Game Buzz: Oceans

In 2014, Dominic Crapuchettes and North Star Games took a Russian design called Evolution: The Origin of the Species, and turned it into a new game simply called Evolution. North Star was primarily known for its party games like Wits & Wagers and Say Anything at that point, so Evolution was something of a departure for them. In speaking with Crapuchettes for my review of the game, I learned that they were planning to turn the game into a fairly large brand. Which, over the intervening years, they have. The latest entry into the series is

image by BGG user SynapticAcid

Oceans is a co-design between Dominic Crapuchettes, Nick Bentley, Ben Goldman, and Brian O’Neill, Kickstarted last year by North Star Games and now being delivered to backers. It’s a 2-4 player game about adapting species to underwater life, and attempting to sit atop the food chain.

The game comes with a Reef and an Ocean board that are used for tracking ocean population. When setting up the game, these are stocked with fish (different numbers for different player counts) – they have raised borders to contain and separate the pieces. You’ll also be using two random scenario cards that are placed in the first two zones of the Ocean board (Abundance and Fertile are suggested for use in your first game). There’s also a deck called The Deep, from which two cards are laid face up. It’s recommended not to use The Deep in your first game. Each player gets six cards from the Surface deck, as well as a player screen.

image from North Star Games website

On your turn, you’ll do four things – play a card, feed one species, age your species, and then discard/draw up to six cards.

PLAY CARDS: You’ll play a card to either evolve a species or to migrate population. Evolving species means adding traits to the various species. You can either add it to a new species (placed to either side of any existing species, or between them) or to an existing one (though you typically can’t have more than three traits on any single species).

If you choose to migrate population, you’ll look at the migration number on the bottom of the card. You’ll move that number of population from one board location (the Reef or one of the three Ocean zones) to another.

FEEDING: Feed one species, either foraging population from the Reef or attacking another species. To forage, add up green icons on the traits and take that number of population from the Reef, moving it to that species’ board. If you attack, you add up the red icons on traits and take that number of population from another species board. It doesn’t have to be an opponent’s, you can attack your own.

Some traits prevent species from foraging or attacking, regardless of how many of that color icon you have.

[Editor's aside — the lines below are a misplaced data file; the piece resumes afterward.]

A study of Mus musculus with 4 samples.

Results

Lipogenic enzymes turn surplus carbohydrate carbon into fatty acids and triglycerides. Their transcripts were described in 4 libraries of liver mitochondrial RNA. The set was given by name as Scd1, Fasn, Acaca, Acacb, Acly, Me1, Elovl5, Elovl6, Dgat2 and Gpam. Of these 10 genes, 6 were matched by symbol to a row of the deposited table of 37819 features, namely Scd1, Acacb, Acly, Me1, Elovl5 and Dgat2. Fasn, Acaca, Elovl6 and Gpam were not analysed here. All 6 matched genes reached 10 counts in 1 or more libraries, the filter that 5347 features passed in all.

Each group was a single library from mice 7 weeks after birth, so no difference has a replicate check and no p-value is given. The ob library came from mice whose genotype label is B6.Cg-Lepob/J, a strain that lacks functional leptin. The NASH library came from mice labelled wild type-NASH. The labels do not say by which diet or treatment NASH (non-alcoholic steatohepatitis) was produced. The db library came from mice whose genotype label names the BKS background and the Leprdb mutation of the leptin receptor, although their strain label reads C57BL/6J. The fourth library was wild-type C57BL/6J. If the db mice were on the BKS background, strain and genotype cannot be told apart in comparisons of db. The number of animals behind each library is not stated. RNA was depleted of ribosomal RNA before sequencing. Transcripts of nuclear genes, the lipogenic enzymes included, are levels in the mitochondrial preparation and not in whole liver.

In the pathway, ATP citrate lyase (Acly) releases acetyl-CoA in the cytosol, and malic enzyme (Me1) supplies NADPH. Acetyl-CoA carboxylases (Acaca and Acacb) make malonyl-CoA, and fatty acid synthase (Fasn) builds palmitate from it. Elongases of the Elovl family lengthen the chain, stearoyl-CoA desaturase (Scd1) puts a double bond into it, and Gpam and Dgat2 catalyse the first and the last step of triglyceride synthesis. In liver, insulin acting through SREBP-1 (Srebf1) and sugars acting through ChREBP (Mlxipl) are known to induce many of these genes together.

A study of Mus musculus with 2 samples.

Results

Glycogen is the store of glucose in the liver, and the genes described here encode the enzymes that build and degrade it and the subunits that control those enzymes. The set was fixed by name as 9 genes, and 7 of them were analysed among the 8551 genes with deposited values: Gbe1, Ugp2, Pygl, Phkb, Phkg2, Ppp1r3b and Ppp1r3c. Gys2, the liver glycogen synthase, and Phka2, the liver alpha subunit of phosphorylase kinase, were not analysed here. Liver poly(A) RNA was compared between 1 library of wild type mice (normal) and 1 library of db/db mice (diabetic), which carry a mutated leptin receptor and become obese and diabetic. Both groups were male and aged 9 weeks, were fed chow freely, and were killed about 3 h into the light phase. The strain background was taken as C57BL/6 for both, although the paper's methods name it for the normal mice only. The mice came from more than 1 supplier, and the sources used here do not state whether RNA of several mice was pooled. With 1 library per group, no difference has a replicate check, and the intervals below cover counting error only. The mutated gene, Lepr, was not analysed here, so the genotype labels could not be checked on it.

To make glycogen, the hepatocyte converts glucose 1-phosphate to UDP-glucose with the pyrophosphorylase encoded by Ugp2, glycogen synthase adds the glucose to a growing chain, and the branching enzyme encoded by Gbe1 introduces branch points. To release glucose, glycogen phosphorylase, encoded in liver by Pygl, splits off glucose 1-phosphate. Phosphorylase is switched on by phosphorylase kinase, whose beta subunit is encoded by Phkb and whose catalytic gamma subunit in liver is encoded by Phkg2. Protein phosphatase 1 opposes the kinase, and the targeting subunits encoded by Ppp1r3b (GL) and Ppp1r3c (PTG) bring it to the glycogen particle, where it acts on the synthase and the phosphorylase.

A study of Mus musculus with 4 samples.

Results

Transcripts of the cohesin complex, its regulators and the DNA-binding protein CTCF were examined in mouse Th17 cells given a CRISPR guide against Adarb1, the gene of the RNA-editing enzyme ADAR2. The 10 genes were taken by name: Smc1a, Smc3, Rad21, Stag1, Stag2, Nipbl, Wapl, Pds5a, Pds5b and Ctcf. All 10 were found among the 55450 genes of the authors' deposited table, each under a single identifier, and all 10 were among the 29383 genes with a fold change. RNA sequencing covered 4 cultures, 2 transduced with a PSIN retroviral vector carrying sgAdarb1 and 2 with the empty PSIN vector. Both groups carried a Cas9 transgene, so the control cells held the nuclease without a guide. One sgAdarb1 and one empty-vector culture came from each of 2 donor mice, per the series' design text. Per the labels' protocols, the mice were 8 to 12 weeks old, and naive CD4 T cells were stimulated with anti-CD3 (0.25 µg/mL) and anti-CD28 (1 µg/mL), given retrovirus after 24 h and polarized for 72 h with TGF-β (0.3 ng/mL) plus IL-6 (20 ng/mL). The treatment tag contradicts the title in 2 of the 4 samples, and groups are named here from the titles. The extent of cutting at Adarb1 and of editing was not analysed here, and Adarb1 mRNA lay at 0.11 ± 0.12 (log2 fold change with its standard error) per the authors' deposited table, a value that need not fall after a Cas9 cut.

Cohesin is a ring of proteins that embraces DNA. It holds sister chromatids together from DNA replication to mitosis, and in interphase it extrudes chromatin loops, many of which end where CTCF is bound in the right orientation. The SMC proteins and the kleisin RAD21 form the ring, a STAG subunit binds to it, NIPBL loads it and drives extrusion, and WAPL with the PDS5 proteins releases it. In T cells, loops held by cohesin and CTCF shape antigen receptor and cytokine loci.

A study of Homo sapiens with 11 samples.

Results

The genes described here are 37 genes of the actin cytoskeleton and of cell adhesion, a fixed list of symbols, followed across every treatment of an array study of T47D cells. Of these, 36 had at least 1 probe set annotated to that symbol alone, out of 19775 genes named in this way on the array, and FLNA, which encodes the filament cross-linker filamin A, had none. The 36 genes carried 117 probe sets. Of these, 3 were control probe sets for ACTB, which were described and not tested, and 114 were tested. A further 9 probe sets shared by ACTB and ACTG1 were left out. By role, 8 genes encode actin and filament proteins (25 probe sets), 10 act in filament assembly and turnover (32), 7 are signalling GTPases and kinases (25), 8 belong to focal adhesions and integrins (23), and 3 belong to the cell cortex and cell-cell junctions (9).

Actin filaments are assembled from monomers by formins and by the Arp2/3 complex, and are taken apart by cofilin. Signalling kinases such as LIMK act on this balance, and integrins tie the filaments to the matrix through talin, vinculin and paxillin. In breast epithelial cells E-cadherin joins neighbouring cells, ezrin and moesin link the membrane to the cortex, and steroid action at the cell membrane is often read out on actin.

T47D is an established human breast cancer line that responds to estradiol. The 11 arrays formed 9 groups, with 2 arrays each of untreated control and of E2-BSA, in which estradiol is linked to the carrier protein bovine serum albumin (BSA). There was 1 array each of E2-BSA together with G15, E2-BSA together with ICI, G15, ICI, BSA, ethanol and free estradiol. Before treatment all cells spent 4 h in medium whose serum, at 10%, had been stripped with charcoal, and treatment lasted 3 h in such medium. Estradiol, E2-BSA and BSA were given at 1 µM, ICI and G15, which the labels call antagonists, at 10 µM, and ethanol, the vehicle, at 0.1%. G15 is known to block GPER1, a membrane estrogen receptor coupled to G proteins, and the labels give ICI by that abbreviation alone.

AGING: Remove one population from each species you have, and place them behind your player screen. If a species can’t age enough, it goes extinct. Discard all of its traits and the species board.

DRAW CARDS: You can draw one Deep card, either one of the face up cards in the Gene Pool, or three cards from the top of the Deep deck of which you can only keep one – the other two go face up on one of the Gene Pool piles. After this, you may discard as many Surface cards as you want, then draw back up to six (this total includes Deep cards). Play passes to the left.

When every Ocean zone has been emptied of fish, the game continues until everyone has had the same number of turns (using reserve population if needed), and then it’s over. You score one point per population in your score pile, one point per population on your surviving species, and the points shown on your Bonus token (which was handed out at the start of the game). The high score wins.

image by BGG user aelfric_brewer

Though in the Evolution line, this is its own game. It uses a similar system, but with lots of changes. For one thing, it’s turn-based, rather than round-based. For another, it has this shifting economy of population you’re drawing from rather than an increasingly limited supply of food. Then, there’s The Deep, which adds some really powerful traits at the cost of population you have in your score pile.

Happily, they have continued to use the beautiful watercolor art of Catherine Hamilton (this time, also credited with Guillaume Decos), so that, plus the adding of traits to species, makes this seem very similar to the original Evolution game. I think it looks like a lot of fun, and I look forward to checking it out some time in the future.

That’s it for today – thanks for reading!